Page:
Three sushi firms operating from the bedroom of a house in Ireland have been closed down by authorities.

The unregistered online sushi takeaway restaurants were run from the home with breaches of legislation, food safety controls and recordkeeping and the absence of safe practices when handling raw fish and cooked rice.

The Food Safety Authority of Ireland (FSAI) reported five closure orders were served on businesses during October for breaches of food safety legislation. Enforcement orders were issued by environmental health officers in the Health Service Executive (HSE).

The sushi-related closure orders were served on Johnathan Barbosa for Koi Sushi at 1 Shanvarna Road in Santry, a suburb of Dublin; on Bruno Barbosa for Nagoya Sushi and on Paulo Ricardo Barbosa for Kyoto Sushi at the same address. It is not clear how long the firms had been operating.

Danger to public health
Pamela Byrne, FSAI chief executive, said she was particularly concerned about the online unregistered and unsupervised businesses selling a range of sushi products from the house.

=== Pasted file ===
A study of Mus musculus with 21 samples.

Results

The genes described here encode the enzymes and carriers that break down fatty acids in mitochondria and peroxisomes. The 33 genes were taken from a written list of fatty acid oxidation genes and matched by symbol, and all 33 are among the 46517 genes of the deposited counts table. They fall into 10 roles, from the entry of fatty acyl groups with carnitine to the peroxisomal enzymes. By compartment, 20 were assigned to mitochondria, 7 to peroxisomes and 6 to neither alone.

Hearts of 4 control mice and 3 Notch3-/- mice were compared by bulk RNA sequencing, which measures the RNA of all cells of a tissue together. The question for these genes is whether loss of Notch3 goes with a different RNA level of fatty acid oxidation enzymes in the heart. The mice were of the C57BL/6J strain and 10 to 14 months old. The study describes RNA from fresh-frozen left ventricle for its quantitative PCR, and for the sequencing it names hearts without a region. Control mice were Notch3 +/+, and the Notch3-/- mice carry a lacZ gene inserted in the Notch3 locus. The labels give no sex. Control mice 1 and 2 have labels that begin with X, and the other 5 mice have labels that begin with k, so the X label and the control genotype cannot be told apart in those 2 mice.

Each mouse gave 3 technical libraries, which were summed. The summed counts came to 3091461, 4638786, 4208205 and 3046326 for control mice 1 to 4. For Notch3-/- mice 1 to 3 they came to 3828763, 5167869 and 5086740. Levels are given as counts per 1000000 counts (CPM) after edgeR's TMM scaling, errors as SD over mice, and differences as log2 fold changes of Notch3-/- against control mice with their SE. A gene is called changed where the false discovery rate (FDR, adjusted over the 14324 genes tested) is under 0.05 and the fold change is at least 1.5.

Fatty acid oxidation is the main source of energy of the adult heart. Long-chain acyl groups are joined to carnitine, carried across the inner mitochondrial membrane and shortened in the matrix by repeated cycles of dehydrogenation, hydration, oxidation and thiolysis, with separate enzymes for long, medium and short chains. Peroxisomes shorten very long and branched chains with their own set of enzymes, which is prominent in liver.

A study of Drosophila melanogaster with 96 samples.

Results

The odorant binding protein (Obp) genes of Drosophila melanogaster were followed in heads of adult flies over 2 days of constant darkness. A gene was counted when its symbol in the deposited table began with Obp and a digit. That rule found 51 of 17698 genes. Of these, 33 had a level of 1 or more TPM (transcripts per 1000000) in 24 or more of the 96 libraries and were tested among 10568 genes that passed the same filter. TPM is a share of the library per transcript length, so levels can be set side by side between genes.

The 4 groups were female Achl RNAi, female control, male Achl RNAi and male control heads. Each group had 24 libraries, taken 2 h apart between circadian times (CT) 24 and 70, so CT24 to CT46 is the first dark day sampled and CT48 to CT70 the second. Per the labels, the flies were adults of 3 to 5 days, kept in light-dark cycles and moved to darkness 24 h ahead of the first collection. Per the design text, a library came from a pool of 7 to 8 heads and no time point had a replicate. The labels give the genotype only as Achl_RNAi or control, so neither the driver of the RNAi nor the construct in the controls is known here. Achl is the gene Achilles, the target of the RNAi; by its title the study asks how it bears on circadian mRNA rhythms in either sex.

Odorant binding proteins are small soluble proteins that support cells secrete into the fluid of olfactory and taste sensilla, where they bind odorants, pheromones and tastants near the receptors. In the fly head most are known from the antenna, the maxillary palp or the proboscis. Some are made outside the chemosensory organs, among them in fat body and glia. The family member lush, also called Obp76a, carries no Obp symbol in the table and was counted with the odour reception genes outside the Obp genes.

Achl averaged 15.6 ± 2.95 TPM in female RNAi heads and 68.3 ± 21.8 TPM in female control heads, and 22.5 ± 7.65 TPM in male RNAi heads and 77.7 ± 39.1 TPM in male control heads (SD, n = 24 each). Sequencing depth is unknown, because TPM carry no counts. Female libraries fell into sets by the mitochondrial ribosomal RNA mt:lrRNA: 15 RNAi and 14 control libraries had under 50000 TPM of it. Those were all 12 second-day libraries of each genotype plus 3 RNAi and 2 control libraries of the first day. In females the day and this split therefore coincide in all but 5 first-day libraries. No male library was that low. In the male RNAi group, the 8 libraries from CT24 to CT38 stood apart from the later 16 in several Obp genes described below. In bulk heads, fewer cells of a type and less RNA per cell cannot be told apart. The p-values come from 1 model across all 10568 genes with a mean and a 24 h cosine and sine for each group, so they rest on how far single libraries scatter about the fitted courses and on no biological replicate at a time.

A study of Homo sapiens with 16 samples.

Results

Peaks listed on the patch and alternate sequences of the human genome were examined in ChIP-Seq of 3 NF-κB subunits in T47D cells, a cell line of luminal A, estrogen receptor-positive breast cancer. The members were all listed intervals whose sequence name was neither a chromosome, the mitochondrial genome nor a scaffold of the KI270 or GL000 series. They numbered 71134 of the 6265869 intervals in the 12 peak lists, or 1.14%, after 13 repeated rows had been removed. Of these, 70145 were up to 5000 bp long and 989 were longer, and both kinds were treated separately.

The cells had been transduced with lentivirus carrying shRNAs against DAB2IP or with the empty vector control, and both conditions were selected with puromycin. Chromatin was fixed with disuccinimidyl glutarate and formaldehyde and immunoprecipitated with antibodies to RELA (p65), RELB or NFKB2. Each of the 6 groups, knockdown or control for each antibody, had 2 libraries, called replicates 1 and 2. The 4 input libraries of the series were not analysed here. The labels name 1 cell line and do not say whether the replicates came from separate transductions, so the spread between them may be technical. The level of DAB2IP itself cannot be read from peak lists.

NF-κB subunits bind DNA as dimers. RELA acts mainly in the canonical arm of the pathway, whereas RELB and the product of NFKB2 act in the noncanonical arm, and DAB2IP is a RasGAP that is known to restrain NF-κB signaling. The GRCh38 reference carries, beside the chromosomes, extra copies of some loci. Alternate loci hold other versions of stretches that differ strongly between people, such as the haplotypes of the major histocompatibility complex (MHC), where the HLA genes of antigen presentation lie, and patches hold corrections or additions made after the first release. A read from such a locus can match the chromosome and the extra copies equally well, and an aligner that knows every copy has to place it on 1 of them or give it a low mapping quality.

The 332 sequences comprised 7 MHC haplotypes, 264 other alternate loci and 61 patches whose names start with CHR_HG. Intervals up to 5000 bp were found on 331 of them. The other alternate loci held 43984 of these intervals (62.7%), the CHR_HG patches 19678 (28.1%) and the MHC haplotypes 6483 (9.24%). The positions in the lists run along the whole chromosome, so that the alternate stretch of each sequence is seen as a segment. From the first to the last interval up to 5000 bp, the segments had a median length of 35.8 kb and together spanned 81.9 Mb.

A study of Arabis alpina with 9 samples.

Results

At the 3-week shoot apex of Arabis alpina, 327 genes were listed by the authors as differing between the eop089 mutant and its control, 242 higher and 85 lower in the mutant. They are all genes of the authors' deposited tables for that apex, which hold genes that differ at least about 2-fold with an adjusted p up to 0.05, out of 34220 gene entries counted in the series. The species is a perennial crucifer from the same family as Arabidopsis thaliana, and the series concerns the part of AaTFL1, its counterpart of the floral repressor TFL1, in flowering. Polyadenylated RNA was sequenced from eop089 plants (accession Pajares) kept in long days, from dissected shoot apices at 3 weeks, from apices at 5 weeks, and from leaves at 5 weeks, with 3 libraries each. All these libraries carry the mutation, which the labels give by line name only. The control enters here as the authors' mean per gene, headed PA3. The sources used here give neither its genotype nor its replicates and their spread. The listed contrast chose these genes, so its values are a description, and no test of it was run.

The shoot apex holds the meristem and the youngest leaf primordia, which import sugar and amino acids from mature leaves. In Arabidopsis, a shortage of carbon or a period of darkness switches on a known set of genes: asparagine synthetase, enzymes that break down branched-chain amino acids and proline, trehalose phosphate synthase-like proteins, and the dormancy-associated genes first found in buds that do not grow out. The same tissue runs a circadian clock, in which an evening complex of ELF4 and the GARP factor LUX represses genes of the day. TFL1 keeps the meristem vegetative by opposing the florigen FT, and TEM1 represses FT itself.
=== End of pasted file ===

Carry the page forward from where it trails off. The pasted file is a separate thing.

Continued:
“Running a food business that has not been registered and is therefore, not supervised is totally unacceptable and poses a very serious risk to consumers’ health. In these instances, the unregistered businesses were producing sushi without any hygiene or temperature controls,” she said.

Sushi is a high-risk product because it contains raw fish which must be kept chilled to reduce growth of bacteria. It can also have cooked rice, which is a ready-to-eat product that needs to be kept chilled.

“In these instances, the absence of a food safety management system, no monitoring of the cold chain and no evidence of traceability of raw ingredients posed a grave and immediate danger to consumer health. Consumers should only buy from established food businesses,” said Byrne.

The two other closure orders relate to TFS Wholesale, Unit 6 and 7 Colomane, Bantry, Co. Cork and Speedos restaurant and café at 8 Tuckey Street, Cork City, Cork.

Ireland also affected by Salmonella in chicken
Meanwhile, Irish officials have confirmed that earlier this year there was an outbreak of Salmonella Enteritidis with six patients. The outbreak strain identified was considered a match to the one in the United Kingdom, which was associated with chicken products.

Almost 400 people have become sick with salmonellosis since the start of 2020 in the UK after eating frozen chicken products including 327 in England, 32 in Scotland, 26 in Wales and five in Northern Ireland.

No patients have been identified in Ireland since July. Similar to the UK, many of them listed consumption of breaded chicken products from a variety of shops or outlets during the incubation period.

It was not possible to state which breaded chicken products caused illness in Ireland but Iceland and Aldi products were recalled because of investigations in the UK and Poland.